If you met me while I was training at Infusionsoft University, you may remember that one of my favorite sessions was all about email permission. This often stood out to people because email permission isn’t exactly a sexy topic. When compared to teaching lifecycle marketing concepts, saving people time with internal automation, or learning the intricacies of the Infusionsoft campaign builder it doesn’t even compare. But, the reason I like it so much is because I think most people are thinking about email permission all wrong. And I love helping people think about things differently.
But unfortunately most people see it as a barrier. A hurdle they have to clear, or a box they have to check. When in reality it’s a powerful tool if you wield it appropriately. It’s not JUST to protect the recipient’s inbox. It is that. But it’s more than that. Think about it this way: Your prospects are willing to tell you exactly what they want. They’ll raise their hands and say “This is what I’m interested in.”
And all you have to do is listen; then you can send them information, details and promotions that are tailored for them. It’s a win-win. From the prospects point of view, they’ll feel like they’re being heard, and that their preferences are respected.
They’re getting fewer emails, and the emails will resonate with them more. They’ll trust your brand more. And they’ll start to see that you “get” them.
From your side of things, you’ll notice that email opens and clicks will go up. Unsubscribes and spam complaints will go down. All in all, you’ll have a happier, more engaged list. Remember, I said “All you have to do is listen”.
The problem here is that most people don’t listen.
Most people segment their list poorly, or worse, don’t segment them at all. If you’re emailing your entire audience anytime you have anything to say, you’re doing a couple of things:
You’re rubbing your list the wrong way. You’re showing up and crossing your fingers hoping it happens to be something they want. Your relationship with their inbox is too valuable to just roll the dice like that.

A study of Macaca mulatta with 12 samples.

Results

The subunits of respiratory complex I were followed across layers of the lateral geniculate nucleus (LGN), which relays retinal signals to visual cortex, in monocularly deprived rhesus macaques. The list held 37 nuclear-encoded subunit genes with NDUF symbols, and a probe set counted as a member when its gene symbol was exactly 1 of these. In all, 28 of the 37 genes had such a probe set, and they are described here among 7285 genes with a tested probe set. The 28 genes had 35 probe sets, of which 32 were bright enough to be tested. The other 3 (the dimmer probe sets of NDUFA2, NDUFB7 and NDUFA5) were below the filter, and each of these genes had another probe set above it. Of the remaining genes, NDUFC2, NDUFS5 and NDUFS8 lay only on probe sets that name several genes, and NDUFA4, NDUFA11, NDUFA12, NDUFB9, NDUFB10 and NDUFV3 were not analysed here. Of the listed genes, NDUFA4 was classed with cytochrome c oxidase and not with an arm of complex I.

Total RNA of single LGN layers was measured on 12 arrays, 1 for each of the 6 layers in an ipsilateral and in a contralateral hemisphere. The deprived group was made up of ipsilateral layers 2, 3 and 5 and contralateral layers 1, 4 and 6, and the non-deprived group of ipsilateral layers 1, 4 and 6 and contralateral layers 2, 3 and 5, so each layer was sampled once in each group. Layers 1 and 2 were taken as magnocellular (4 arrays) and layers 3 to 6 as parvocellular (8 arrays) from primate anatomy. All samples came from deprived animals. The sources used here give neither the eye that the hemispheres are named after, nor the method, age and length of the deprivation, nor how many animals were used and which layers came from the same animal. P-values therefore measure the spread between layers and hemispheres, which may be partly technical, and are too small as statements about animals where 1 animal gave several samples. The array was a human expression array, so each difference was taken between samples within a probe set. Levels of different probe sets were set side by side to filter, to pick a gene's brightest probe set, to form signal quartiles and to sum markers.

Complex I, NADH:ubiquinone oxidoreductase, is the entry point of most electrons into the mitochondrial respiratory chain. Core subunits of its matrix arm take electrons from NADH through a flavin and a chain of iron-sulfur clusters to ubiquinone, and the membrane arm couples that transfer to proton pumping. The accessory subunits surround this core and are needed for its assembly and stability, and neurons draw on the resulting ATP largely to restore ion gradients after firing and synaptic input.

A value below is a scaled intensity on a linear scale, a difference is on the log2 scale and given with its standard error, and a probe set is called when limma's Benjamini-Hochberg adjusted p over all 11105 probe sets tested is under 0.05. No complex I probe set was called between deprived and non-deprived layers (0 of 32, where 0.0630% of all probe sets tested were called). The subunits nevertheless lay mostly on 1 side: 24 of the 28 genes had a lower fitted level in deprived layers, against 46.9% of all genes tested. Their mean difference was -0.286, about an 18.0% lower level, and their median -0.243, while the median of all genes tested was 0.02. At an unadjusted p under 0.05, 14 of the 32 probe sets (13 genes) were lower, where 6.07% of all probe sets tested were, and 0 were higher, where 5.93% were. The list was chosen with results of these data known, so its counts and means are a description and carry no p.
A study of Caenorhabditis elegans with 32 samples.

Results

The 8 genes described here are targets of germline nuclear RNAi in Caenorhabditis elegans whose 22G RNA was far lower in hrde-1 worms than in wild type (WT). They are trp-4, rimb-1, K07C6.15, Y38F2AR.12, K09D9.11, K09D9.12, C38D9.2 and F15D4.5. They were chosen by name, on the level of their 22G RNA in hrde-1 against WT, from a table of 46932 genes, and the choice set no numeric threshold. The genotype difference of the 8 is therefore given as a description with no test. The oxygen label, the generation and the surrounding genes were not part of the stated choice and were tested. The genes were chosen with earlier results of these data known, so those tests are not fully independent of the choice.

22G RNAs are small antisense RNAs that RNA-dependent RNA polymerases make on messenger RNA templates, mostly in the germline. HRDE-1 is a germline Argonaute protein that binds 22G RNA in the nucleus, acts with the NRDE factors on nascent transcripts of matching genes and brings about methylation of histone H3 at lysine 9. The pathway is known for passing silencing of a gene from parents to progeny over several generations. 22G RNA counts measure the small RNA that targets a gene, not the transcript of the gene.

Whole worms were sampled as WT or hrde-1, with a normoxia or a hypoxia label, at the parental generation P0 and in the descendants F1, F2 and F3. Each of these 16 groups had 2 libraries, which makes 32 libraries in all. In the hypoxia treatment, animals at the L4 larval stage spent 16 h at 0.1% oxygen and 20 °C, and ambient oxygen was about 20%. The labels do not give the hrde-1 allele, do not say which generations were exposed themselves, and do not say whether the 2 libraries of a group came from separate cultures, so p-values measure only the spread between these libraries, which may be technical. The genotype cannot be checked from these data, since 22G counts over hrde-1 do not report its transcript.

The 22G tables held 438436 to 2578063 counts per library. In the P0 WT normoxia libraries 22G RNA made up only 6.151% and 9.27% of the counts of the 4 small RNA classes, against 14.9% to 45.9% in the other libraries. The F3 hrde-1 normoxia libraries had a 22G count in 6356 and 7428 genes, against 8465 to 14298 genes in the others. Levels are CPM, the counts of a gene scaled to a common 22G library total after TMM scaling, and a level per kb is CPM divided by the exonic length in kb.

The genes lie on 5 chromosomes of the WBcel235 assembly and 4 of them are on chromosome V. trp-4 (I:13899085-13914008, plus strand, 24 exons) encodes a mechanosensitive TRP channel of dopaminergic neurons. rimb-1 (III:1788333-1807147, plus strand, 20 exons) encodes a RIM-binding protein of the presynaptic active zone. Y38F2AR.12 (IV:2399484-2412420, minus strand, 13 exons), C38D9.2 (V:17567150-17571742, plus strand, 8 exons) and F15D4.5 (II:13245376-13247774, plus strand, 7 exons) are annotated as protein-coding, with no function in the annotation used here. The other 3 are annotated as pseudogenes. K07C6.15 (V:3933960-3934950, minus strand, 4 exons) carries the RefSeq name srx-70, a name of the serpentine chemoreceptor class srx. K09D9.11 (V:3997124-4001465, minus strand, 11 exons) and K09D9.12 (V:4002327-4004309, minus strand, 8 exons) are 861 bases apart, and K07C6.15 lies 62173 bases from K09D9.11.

You aren’t letting them tell you what they want. If you send everyone everything, then you aren’t taking into account what they want from you. Nothing says “I don’t care about what you like, Greg” like Banana Republic emailing me whenever women’s purses are 20% off. (Go ahead, make your jokes)
You’re conditioning them to ignore your messages. By emailing them more frequently, about less relevant subject matter, you’re training them that your brand isn’t for them. And even if you do have messages that they’d love to receive, they could easily be lost in all the other noise you’re creating.
So, like I said, Email Permission is a tool. And here’s how you can use it:
It’s a measure of engagement. Someone who has requested your newsletters, your promotions and your blog updates is much more engaged them someone who has only requested your free whitepaper. The good news is that people are already telling you what they want. By clicking links in your various broadcasts and messages, they’re raising their hand and saying “This is who I am” or “This is what I’m into“.
All you have to do is start listening.
Most email marketing platforms allow you to track the links they click, by measuring this behavior you can quickly build a profile and use that information to make sure that they receive the offers that are best suited for what you know about them. I’ve gotta acknowledge the drawbacks to learning about your prospects by this method: It can take time. And there is a margin of error. For example, what if I click on a link (and you tag me) and then I realize I have no interest in whatever the topic of that link was. Or I misunderstood what it was. Or I already have that product.
Well, if you’ve captured that as me expressing interest, you have no way of knowing that I changed my mind.
But, if you send emails regularly, and you’re linking out to topics in certain genres, and if you’re tracking which links they click. Well, over the course of a few months you’ll begin to get a pretty good picture of the type of content that person is looking for. As you learn more about them, you can send them more of the stuff they like.
Keep your list happy. The old mantra “The Money is in the List” is still accurate, but it’s not in the size of the list, it’s in the relationships you’ve cultivated with it.
I’d love to hear your take, or any questions, in the comments below. Oh, and if you’re an Infusionsoft user looking to take this to the next level, check out this post where we build an email preferences center in less than 16 minutes.